Twenty-five years ago in
E. Joner and G.D. Christiansen published an overview of the requirements and rationale for biosafety testing of hybridomas
and the resultant monoclonal antibodies (mAbs) made from them. Although the authors alluded to regulatory guidance documents
for hybridoma and recombinant cell lines, their focus was on hybridomas, which at that time were the dominant technology for
the production of antibodies. Since 1988, the balance has shifted dramatically in favor of production using recombinant technology
in such well-known cell lines as the Chinese Hamster Ovary (CHO) cells. Requirements for biosafety testing are similar, however,
and the need for stringent safety testing, including viral-clearance validation, has not changed.
The industry has seen remarkable changes in the production of antibodies since 1988, beginning with the exponential increase
of titers from cell culture. Both basal and feed media have improved markedly, allowing cells to grow well in suspension and
reach high cell densities. These advances in cell-culture technology have also allowed the biopharmaceutical industry to stop
using serum in cultures, thereby reducing risk from this animal-derived, heterogeneous component. Greater understanding of
molecular genetics has led to new techniques to dramatically enhance expression of recombinant proteins within each production
cell, by coupling to highly transcribed genes or enhancing the transcription of genes by other means.
Cell-culture titers are the product of the cell density times the productivity of each cell. Thanks to this multiplicative
effect, titers have grown 100-500 fold in 25 years. Today, antibody titers are no longer expressed in mg/L, but g/L, with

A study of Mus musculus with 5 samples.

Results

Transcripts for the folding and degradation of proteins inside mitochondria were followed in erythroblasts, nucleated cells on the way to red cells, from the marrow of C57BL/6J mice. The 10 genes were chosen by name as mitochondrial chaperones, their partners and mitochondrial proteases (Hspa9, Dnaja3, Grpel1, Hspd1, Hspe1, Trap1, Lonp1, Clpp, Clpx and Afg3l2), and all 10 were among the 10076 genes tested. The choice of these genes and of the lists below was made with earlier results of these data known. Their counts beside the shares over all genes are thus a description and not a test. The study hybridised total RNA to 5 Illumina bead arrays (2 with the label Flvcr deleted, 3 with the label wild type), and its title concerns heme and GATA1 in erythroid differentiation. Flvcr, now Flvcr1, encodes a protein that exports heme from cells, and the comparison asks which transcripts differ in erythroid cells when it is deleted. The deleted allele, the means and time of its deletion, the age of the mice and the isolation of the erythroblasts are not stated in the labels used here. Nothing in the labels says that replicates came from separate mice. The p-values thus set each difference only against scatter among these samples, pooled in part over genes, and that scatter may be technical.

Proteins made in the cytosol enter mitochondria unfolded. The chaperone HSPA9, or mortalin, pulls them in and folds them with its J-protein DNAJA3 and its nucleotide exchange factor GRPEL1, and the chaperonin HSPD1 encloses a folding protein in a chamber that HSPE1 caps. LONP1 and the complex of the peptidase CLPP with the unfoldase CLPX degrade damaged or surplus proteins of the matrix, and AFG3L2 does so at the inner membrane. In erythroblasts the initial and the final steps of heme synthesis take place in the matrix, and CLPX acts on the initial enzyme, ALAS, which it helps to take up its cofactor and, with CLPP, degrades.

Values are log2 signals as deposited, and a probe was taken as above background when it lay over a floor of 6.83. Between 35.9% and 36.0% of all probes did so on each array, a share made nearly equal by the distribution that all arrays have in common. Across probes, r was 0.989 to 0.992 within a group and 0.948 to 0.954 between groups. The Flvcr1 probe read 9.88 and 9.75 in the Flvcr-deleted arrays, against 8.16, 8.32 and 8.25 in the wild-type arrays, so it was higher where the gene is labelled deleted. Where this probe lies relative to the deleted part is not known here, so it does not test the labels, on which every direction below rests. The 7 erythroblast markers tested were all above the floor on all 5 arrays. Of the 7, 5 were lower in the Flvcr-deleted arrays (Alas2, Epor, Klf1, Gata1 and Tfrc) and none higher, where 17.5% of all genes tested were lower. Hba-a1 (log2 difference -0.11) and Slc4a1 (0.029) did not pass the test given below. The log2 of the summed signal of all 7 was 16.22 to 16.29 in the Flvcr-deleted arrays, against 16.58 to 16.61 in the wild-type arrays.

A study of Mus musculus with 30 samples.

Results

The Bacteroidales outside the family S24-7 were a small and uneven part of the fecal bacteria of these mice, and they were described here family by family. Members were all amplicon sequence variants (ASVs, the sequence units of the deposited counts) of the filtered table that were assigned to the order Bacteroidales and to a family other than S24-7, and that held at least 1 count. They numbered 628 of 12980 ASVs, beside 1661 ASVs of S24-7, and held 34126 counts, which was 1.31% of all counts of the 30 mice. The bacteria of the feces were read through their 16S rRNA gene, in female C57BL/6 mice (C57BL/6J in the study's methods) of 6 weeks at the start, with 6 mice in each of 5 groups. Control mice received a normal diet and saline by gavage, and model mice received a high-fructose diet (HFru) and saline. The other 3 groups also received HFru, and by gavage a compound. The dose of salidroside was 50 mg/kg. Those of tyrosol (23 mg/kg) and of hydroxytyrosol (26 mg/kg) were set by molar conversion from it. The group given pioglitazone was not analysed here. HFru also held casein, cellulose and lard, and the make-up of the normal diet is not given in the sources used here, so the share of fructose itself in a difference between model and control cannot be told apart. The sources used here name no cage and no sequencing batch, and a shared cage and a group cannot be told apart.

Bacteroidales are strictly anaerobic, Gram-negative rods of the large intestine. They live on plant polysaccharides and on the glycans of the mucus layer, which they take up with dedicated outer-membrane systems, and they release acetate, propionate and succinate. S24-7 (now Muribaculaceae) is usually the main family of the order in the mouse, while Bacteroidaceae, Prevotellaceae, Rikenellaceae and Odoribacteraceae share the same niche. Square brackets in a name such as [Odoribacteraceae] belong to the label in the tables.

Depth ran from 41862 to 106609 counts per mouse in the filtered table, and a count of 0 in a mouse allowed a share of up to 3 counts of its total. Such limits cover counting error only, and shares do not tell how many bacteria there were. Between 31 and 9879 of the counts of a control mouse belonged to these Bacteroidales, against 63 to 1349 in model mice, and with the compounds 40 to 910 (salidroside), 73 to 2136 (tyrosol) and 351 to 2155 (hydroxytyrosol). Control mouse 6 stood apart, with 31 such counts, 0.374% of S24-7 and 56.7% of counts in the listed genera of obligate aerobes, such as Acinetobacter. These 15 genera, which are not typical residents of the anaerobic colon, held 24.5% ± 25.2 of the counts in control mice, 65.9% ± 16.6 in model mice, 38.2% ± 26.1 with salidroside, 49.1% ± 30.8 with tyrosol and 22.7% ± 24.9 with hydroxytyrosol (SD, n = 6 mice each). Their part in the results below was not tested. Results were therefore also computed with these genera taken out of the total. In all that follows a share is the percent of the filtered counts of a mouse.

2–5 g/L being the benchmark for good expression. Such high titers have further widened the applicability of antibodies by lowering
their cost of production.
Major changes have taken place on the downstream side of mAb processing as well. Early processes relied on slow chromatographic
supports often run in the cold room, with operators dressed accordingly. Newer resins with faster flow properties, more robust
polymers, and higher loading capacities have freed antibody processors from the cold room. More recent innovations using membrane
supports for flow-through steps allow even faster processing times. The launch of nanometer-pore filtration in the early 1990s
introduced a robust viral-clearance step, which added greatly to the safety of antibody and other protein pharmaceuticals.
The progressive humanization of antibodies is another success story that has enabled these versatile and exquisitely selective
proteins to progress into large-scale therapeutics. Early antibodies were typically produced from murine hybridomas generated
by fusion of myeloma cells with antibody-producing lymphocytes from immunized mice. The resulting murine antibodies were seen
as foreign by human patients, resulting in a human–anti-mouse antibody (HAMA) response in most cases. This unfortunate but understandable side effect greatly restricted their
applications as biopharmaceuticals.
View "Hybridoma Technology Products: Required Virus Testing," by Eva Joner and Gary D. Christiansen at BioPharmInternational.com/Retrospectives.
Molecular biologists addressed this restriction by developing techniques to create chimeric structures, in which three-fourths
of the murine IgG antibody structure, the constant regions, were replaced with the corresponding human construct. Further
advances led to additional humanization of antibodies, first through selective amino-acid substitution and later through the
construction of fully human antibodies. These changes greatly minimized the patient immune responses to injected antibodies,
enabling their widespread and repeat use.
Today, mAbs are the leading category of biopharmaceutical. Their domination is likely to continue, based on the rich pipeline
of antibodies in development. The early promise of mAbs as therapeutics, the "magic bullet" coined by Paul Erlich more than
100 years ago, took the great advances in biology, genetics, biochemistry, and materials science of the past 25 years to be
realized. As bioprocessors, we can be proud of the role we have played in bringing these powerful new medicines to patients.